While many may have been hoping to continue their Trump-free summers in peace, the first wave of the post-Trump presidency era books have just been released. The list includes Frankly, We Did Win This Election from Wall Street Journal reporter Michael Bender, Michael Wolff’s Landslide: The Final Days of the Trump White House, and I Alone Can Fix It co-authored by the Washington Post’s Philip Rucker and Carol Leonnig. All three books give detailed accounts of Trump’s final year in office and how he became the first incumbent president in thirty years to lose a second election.
Those are obviously too many Trump books to read, so here are nine juicy details that the books revealed about Trump, his staff, and supporters.
Trump believed that the Democratic Party would withdraw their nomination for Joe Biden and Kamala Harris at the last minute and replace them with Andrew Cuomo and Michelle Obama as the presidential and vice presidential nominees, respectively. According to Wolff, Trump heard this theory from Fox News personality Sean Hannity and believed that former president Barack Obama orchestrated the plan. Never mind that the New York governor insisted that he would not run for president or accept a spot as VP.
Trump suggested using the pandemic as an excuse for indefinitely postponing the 2020 election. It’s no secret that Trump wanted to delay the election due to his concerns over mail-in voting fraud. However, once that idea didn’t work, he brought up delaying the election because there was “too much virus” and “people can’t get to the polls,” according to Wolff. Fortunately, his then-chief of staff Mark Meadows stepped in to inform him that postponing the election wasn’t a constitutional possibility.
Trump said that he wanted the military to “beat the fuck” out of protesters for racial justice and “to crack their skulls,” Wolff reports. Unlike the rioters at the Capitol, Trump allegedly wanted a violent military response to Black Lives Matter demonstrators following the murder of George Floyd last year. Bender reports that aides pushed back on the order, so Trump softened his stance and request that soldiers “shoot them in the leg — or maybe the foot but be hard on them.”
Trump feels betrayed by all three Supreme Court justices that he nominated, but he”reserved particular bile for [Brett] Kavanaugh,” Wolff writes. The former president told Wolff that he was “very disappointed” in Kavanaugh’s votes, saying that “he just hasn’t had the courage you need to be a great justice.” He also claimed that he saved the Supreme Court justice’s life, despite “practically every senator” telling him to not go through with the nomination.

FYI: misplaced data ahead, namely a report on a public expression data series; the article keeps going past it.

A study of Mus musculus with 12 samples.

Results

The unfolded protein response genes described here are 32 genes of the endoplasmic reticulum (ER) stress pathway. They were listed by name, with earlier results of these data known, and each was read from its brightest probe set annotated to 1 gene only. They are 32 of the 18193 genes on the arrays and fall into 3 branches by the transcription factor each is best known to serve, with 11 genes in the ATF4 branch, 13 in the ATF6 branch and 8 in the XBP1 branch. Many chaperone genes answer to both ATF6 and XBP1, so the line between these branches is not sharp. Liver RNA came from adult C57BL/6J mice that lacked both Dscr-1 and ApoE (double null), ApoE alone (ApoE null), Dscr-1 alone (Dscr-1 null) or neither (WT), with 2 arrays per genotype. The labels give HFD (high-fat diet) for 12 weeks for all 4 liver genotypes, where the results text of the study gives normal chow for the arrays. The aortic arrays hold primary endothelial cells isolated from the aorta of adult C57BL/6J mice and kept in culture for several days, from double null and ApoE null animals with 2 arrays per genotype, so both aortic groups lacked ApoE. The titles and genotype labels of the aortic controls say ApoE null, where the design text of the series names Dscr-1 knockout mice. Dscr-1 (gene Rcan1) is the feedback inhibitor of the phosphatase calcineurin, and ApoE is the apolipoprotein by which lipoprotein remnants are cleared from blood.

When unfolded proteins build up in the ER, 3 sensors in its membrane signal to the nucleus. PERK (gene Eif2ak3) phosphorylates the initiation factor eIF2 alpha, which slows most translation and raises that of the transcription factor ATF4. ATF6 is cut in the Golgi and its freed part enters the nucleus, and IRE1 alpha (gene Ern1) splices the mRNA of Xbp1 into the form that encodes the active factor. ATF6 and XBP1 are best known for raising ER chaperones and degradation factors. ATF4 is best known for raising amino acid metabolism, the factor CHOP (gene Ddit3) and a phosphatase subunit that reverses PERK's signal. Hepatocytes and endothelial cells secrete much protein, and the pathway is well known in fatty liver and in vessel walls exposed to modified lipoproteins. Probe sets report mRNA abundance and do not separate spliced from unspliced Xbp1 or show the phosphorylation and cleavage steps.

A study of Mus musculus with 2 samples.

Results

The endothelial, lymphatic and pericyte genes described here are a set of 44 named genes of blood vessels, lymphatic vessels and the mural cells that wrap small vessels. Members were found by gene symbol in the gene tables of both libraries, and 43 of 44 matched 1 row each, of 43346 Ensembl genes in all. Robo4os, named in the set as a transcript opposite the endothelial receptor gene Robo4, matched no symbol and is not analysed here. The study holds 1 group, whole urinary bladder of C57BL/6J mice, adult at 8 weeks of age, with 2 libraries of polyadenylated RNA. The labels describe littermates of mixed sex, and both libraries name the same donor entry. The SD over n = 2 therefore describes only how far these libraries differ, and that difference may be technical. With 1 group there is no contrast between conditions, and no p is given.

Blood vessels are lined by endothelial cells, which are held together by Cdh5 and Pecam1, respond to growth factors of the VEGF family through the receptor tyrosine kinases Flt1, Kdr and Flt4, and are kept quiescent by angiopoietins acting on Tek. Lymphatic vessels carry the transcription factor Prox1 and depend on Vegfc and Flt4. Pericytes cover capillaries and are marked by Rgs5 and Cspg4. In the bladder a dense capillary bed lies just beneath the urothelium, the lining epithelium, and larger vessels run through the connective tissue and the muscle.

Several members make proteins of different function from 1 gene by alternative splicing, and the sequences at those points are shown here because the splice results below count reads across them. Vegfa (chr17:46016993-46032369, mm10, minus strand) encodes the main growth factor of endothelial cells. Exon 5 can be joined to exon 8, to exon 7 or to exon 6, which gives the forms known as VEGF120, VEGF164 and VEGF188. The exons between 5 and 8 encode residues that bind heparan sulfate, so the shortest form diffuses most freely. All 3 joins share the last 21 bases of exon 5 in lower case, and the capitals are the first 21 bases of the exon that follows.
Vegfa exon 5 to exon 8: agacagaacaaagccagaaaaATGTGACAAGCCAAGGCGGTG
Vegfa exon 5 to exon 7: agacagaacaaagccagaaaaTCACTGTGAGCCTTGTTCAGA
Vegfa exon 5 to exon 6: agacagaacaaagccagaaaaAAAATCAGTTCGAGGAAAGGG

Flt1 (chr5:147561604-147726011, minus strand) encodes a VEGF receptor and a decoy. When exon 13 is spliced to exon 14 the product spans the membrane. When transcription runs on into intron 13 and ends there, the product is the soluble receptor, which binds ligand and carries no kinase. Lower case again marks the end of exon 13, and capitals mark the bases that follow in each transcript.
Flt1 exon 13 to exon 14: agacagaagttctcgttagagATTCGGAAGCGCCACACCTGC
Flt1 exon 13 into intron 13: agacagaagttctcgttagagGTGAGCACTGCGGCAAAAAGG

Trump allegedly told one of his many White House chief of staffs John Kelly that Adolf Hitler “did a lot of good things.” Bender recounts Kelly’s failed attempts to discourage Trump from praising Hitler, regardless of what economic success Germany may have had under the dictator’s rule. Kelly and Trump deny this anecdote, but it’s not the first time Trump’s alleged interest in the Nazi leader has come up. Over thirty years ago, Trump’s first wife, Ivana, alleged that he kept a copy of Hitler’s speeches by his bed.
According to Bender, Trump thinks that Mitch McConnell is as “dumb as a rock.” The former President’s contempt for the Senate Minority Leader is well known, considering that Trump called him a “dumb son of a bitch” in front of Republic donors at Mar-a-Lago in April. McConnell’s failure to defend Trump during the impeachment trail after the Capitol riot caused a riff between the two. Apparently, Bender writes, McConnell dislikes Trump just as much, but he’s not so vocal about it.
Rudy Giuliani’s plan during election night was to urge Trump to say that he won, regardless of the truth. Rucker and Leonnig report that Giuliani came up with the idea in a drunken haze. However, members of Trump’s campaign team strongly disagreed with this and attempted to keep everyone calm and rational during election night.
Trump supporters who stormed the Capitol openly admitted that they were there to overthrow the government. One Capitol rioter that Bender spoke to claimed that those at the riot didn’t want to “steal things” or “do damage.” They just wanted to “overthrow the government.”
Trump’s notorious remarks before supporters stormed the Capitol were not in the speech that his staff had prepared. In his speech to the mob on January 6, Trump urged his supporters to march to the Capitol three different times, saying “we’re going to walk down to the Capitol.” However, Wolff revealed that the lines were ad-libbed by the former president.
This won’t be the last time you hear about Trump; He has reportedly given at least 22 book interviews.